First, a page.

Carrying on with Whit Stillman's Yuppie Trilogy, we watched The Last Days of Disco (1998). If you are smarter than me, you realize that we skipped the second movie (Barcelona) and went straight to the third. But you don't really need to watch these in order.
To recap, Stillman made a loose trilogy about over-educated upper-class but not necessarily rich kids in New York. This one focuses on the scene at a popular disco, essentially Studio 54. One guy works at the club, and sneaks his friends in. One guy works at an ad agency; he uses the first guy to get his clients in - that's basically his job description: can get people into Studio 54. Another one works for the DA, and really believes in disco, he just doesn't have time to go that much.
And then there are the women: two girls who prepped together. Kate Beckinsale is a reader at a publishing office, and wants to help Chloe Sevigny so that everyone doesn't hate her like they did at Hampshire. But Chloe has to understand that people hate it when you are critical.
Now, I visited Hampshire College at lot in the 70s. It's a hippy school near Amherst, Smith, and Mt. Holyoke. We called it the "cocaine, suede and waterbeds" school. So it's understandable that she would be critical. But when Beckinsale tells her that, she just gets defensive and, well, more critical. So even when nice guys buy her drinks, she has to criticize. She doesn't want a vodka tonic, she wants a ... And in the pause, you see she doesn't know what she wants. She just doesn't want to be ordinary or predictable.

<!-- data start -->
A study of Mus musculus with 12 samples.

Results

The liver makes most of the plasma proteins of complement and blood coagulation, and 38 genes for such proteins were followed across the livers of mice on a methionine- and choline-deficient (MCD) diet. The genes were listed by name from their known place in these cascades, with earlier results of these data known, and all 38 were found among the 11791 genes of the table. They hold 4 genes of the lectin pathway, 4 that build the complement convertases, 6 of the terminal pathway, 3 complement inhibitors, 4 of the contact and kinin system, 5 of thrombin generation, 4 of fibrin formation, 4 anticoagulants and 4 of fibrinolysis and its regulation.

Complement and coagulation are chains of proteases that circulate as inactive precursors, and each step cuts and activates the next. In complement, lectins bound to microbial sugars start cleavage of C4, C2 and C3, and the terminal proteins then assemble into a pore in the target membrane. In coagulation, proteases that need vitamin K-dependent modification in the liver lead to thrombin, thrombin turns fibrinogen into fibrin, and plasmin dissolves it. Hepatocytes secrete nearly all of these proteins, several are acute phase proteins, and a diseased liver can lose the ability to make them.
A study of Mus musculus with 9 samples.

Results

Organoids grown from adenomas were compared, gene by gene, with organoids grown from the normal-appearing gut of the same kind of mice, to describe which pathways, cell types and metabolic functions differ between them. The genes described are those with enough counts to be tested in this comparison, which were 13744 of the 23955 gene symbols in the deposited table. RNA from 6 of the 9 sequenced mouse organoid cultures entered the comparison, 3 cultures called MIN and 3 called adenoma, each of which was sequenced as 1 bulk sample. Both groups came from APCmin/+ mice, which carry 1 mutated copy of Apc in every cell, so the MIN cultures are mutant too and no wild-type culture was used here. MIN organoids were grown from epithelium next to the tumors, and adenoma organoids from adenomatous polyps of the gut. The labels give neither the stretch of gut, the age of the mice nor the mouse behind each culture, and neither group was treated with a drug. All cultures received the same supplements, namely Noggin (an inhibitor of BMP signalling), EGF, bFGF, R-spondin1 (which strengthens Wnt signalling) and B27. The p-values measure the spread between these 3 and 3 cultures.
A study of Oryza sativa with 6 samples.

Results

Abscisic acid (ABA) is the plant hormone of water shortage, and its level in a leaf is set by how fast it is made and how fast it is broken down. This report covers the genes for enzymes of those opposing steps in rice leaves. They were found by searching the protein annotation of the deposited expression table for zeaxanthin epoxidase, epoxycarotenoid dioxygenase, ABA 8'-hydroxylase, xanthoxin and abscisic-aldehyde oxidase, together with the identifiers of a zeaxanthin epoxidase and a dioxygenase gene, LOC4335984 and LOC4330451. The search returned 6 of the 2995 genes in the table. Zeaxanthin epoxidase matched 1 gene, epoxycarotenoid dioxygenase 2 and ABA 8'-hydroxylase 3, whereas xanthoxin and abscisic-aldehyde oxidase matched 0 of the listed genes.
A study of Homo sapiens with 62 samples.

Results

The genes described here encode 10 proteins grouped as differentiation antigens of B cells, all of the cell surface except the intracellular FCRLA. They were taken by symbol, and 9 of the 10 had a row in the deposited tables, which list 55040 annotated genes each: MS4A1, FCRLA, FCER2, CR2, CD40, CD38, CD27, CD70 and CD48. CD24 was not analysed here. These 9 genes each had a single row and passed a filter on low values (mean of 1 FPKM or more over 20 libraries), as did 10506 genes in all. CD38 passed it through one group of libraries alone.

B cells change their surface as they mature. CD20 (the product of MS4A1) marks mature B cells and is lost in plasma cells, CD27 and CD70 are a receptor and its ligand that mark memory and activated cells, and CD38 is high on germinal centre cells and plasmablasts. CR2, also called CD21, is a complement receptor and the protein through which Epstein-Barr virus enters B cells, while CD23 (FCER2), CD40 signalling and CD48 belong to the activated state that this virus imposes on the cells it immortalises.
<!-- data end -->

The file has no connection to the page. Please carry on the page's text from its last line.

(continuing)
She is really the focus of the movie - all the guys eventually fall for her. But it's more than a character study (although it does that really well) or a story about life in New York: the railroad apartments, the subways, the corner bar when you can't get into the disco. It's also a comedy.
There's the cult of disco, with so many characters rhapsodizing over the concept of a club where you can meet people and dance. Talking about the philosophy of disco, and how it can never die if it lives on in the hearts of young men and women. Then there's the demonization of advertising people. It doesn't matter if you are black or white, straight or gay, rich or poor, but if you are in advertising, you are scum.
It is a bit slow moving, meandering, but it isn't plotless - it's just that the plot doesn't matter a whole lot. And it seems kind of slice-of-life, but it's really almost absurdist comedy. And Sevigny is really quite gorgeous, in a mopey, self-conscious, low-self-esteem kind of way.
And the music is great - now that disco is dead, I don't mind admitting that. But let me tell you, none of these kids can dance worth a damn.